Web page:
Adaptation to Allow More Katrinas?

Photo by Flickr user Spiritwood Images under Creative Commons


The debate over climate change mitigation versus adaptation rose to a boil this week as the World Climate Conference kicked off in Geneva, vowing to bring adaptation front and center. Speaking about this new focus, WMO Secretary General Michel Jarraud stressed the importance of addressing the impacts of climate change that are already inevitable, like the rise of sea waters and the spread of diseases like malaria.

Following the release of California’s Climate Adaptation Strategy last month, Tony Brunello of the California National Resources Agency told me that “it used to be that you’d get slapped in the face for talking about adaptation…it was seen as doing nothing and taking away from mitigation efforts.” But, he said, anti-adaptation ferver has mostly died down as it has become clearer that mitigating climate change without bracing for impact is no longer realistic.

This week, however, that debate has grown more contentious, as some environmental writers and activists have pointed out adaptation’s bargain with the devil: because resources are limited, it will undoubtedly divert funds from mitigation. Calling adaptation a “cruel eupmemism,” Climate Progress writes that this increasing focus on adaptation is unrealistic, irresponsible, and could allow, rather than prevent, more disasters like Hurricane Katrina across the world:

First, the citizens of New Orleans “adapted” to Hurricane Katrina, but I’m certain that every last one of them wishes we had prevented the disaster with stronger levees. The multiple catastrophes—extreme drought, extreme flooding, extreme weather, extreme temperatures—that global warming will bring can be suffered through, but I wouldn’t call it adaptation.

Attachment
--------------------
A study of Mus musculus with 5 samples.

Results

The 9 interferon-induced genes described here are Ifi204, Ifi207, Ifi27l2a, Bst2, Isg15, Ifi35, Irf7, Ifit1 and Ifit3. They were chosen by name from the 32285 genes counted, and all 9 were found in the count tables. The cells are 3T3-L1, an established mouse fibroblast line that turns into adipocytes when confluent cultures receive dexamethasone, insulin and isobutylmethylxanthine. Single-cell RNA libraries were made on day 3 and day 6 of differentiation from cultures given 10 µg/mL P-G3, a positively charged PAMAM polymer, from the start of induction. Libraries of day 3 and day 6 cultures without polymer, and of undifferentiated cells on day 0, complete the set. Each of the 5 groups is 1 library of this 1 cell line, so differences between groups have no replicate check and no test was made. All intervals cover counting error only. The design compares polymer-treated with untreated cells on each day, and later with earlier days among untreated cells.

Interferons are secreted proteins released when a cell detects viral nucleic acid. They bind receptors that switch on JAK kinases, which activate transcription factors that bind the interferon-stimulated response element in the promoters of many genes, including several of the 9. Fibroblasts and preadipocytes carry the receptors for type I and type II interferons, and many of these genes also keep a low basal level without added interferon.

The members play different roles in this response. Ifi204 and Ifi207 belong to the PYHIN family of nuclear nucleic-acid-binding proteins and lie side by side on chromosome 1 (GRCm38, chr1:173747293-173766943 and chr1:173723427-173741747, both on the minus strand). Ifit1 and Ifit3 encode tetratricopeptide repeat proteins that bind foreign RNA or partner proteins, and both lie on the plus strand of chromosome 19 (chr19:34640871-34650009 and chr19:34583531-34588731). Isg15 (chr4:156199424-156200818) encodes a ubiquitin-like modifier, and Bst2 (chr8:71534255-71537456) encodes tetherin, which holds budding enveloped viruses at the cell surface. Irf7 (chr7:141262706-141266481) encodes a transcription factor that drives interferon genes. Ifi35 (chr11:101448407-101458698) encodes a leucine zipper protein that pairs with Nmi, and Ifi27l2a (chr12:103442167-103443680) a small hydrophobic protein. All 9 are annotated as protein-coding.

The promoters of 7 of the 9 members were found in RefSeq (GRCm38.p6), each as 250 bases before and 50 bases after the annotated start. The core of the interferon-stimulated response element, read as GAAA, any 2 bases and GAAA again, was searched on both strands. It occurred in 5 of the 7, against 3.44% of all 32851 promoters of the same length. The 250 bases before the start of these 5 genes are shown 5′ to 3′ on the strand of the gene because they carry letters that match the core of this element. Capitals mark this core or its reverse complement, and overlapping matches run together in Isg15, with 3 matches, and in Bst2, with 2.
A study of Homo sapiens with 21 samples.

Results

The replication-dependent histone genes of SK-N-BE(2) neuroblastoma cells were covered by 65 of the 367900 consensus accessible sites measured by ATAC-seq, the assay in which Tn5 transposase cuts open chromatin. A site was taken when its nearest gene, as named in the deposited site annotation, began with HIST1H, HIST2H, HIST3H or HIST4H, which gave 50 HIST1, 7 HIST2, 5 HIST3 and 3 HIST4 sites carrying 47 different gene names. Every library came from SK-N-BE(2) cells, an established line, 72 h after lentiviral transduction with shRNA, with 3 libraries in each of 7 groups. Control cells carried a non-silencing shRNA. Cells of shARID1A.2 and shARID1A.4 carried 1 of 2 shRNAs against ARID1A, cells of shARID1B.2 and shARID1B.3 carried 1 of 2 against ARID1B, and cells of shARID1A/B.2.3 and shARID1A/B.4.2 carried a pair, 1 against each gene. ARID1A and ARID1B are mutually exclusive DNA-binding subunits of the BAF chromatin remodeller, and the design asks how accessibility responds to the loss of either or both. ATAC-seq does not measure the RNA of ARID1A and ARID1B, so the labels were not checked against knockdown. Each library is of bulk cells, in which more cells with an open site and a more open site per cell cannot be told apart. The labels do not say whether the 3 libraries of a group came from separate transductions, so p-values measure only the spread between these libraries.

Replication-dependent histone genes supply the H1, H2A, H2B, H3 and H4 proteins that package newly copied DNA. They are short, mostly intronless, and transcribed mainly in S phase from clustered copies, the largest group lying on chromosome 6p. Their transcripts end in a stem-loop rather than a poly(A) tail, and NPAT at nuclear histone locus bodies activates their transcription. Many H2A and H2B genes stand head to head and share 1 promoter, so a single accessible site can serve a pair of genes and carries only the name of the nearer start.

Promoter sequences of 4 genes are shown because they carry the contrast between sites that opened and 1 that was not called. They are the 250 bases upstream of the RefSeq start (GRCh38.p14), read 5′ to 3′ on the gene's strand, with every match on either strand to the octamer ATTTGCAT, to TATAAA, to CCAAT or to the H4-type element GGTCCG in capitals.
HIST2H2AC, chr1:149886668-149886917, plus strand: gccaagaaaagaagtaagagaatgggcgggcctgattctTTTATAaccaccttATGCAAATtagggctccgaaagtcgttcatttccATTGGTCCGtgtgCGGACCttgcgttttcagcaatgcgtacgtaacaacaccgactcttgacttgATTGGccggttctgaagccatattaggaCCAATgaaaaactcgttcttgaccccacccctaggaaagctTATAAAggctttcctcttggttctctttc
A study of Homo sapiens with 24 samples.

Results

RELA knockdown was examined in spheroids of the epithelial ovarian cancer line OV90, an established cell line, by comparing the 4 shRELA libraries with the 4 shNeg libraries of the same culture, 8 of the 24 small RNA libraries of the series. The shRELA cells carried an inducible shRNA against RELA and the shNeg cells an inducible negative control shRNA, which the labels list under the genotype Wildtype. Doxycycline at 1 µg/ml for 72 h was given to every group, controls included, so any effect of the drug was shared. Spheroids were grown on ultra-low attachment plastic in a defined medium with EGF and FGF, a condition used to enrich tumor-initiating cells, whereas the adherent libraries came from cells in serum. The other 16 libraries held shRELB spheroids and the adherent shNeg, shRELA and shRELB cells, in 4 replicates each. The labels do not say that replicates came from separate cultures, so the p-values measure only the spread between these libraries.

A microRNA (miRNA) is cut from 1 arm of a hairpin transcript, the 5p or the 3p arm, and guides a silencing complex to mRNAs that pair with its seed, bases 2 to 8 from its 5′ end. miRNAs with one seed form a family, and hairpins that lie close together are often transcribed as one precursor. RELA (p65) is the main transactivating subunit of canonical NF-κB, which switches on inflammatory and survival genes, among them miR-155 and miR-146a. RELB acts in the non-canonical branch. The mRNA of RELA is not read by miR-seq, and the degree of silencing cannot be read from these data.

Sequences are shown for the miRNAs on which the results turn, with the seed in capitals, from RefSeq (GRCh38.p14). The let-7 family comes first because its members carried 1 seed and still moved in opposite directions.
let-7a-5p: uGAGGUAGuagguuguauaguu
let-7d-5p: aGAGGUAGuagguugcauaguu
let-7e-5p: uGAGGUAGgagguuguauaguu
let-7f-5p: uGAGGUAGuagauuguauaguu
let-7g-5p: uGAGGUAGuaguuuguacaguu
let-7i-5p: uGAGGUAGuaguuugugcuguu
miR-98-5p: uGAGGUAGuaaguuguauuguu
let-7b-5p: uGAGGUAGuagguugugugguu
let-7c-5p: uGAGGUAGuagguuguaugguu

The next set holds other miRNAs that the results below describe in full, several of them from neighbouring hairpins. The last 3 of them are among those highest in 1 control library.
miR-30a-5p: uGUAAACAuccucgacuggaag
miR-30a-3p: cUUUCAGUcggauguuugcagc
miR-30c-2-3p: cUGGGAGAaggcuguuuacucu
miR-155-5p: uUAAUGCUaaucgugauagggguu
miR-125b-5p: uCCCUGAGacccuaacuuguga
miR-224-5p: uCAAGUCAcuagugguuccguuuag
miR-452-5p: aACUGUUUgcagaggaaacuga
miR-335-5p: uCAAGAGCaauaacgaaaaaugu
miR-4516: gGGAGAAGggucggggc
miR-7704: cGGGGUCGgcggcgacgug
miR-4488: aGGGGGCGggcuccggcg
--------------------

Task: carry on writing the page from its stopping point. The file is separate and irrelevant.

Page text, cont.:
Second, a classic adaptation strategy to deal with rising sea levels is levees. Yet even though we knew that New Orleans would be flooded if the levees were overtopped and breached, even though New Orleans has been sinking for decades, we refused to spend the money to “adapt” New Orleans to the threat. We didn’t make the levees able to withstand a category 4 or 5 hurricane (Katrina was weaker at landfall than that, but the storm surge was that of a category 4).

Third, even now, after witnessing the devastation of the city, we still refuse to spend the money needed to strengthen the levees to withstand a category 5 hurricane. We refuse to spend money on adaptation to preserve one of our greatest cities, ensuring its destruction, probably sometime this century.

Adaptation is likely to play a key role at December’s UN Climate Change Conference in Copenhagen. Earlier this year, Osvaldo Canziani, a meteorologist who once co-chaired the Intergovernmental Panel on Climate Change, wrote on the conference’s COP15 website that world leaders must discuss adaptation. But he was careful to add that “this suggestion does not mean that we leave out the mitigation issue.”